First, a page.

The good news is that pig diseases are typically not people diseases, and there is no human health concern regarding an outbreak of ASF. The meat will still be safe to eat.

Dave Stender
Dave Stender


It is also a concern for those of us that like to eat pork and bacon. The good news is that pig diseases are typically not people diseases, and there is no human health concern regarding an outbreak of ASF. The meat will still be safe to eat.

However, what will happen for pork consumers is likely price swings based on supply and demand. If ASF comes to the U.S., the pork sold to other countries will have to be consumed locally because other countries do not want to risk infecting their own swine. Exports won’t resume until producers can show that U.S. pork is ASF-free, or a country decides to open U.S. pork imports.

At first, pork prices will likely be reduced because of the drop in pork exports; however, the longer it takes to eradicate the disease, the more difficult it will be to maintain a large supply of pork, which will likely cause pork prices to increase.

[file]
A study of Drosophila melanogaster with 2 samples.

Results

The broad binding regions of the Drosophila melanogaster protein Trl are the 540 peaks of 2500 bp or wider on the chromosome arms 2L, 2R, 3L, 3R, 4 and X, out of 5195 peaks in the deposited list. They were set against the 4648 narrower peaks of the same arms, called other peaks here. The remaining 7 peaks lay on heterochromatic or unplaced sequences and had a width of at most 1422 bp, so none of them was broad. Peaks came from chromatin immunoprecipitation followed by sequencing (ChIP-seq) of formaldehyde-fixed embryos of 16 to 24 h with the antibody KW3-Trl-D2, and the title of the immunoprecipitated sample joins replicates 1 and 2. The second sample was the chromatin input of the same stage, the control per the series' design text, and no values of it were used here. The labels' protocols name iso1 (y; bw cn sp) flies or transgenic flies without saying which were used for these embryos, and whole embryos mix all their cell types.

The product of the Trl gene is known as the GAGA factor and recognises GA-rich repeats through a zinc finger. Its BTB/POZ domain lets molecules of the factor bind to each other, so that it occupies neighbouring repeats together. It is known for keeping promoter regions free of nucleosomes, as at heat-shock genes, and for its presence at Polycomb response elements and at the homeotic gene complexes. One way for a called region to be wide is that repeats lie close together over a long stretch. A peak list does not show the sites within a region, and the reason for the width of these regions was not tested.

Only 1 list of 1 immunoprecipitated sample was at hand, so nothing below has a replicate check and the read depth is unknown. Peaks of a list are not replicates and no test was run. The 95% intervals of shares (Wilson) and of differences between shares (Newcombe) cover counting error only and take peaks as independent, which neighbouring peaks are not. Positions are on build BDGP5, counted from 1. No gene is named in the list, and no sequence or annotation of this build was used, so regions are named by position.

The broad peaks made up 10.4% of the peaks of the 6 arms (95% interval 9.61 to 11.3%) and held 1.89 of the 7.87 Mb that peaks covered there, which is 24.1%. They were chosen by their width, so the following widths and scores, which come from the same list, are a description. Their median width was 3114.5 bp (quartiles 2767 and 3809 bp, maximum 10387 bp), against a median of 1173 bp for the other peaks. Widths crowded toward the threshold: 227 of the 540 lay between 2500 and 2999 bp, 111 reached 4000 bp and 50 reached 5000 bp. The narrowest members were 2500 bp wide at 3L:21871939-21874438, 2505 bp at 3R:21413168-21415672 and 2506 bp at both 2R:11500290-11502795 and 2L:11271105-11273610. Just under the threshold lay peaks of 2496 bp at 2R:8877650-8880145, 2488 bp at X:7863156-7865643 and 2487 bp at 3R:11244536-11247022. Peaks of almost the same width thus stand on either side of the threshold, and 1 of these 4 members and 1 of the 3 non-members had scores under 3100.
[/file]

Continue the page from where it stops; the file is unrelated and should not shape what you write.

To respond to this challenge, the industry has been working on prevention, which includes verifying premises identification, enhancing biosecurity, and maintaining detailed records. There is a Swine Health Improvement Plan, abbreviated SHIP, that will be used by the industry to lessen the impact ( https://iowaagriculture.gov/ship ).

Additionally, dogs are currently used at airports to stop infected product from entering the U.S.

Still, two major risks are garbage feeding and foreign travel. Thankfully, most states have outlawed garbage feeding to swine or have specific rules for cooking garbage. However, in states with wild hog populations, this is still a concern as the animals may consume trash that has been thrown on the ground. Foreign travel is a risk because the virus is hardy. Travelers coming back from an infected country should disinfect their shoes and stay away from all swine including wild pigs for a minimum of five days.

Whatever is done to lessen the risk, it is impossible to eliminate the risk. If ASF breaks in the U.S., there is a plan in place to eradicate the disease as quickly as possible. A team from the United States Department of Agriculture will work with the Iowa Department of Ag and Land Stewardship, and producers will be asked to stop moving pigs for at least 72 hours, to depopulate infected pigs, and to have a disposal plan in place.

Producers are encouraged to work with Extension to help them with preparation plans in case of an outbreak.

Dave Stender is a swine specialist for Iowa State University Extension.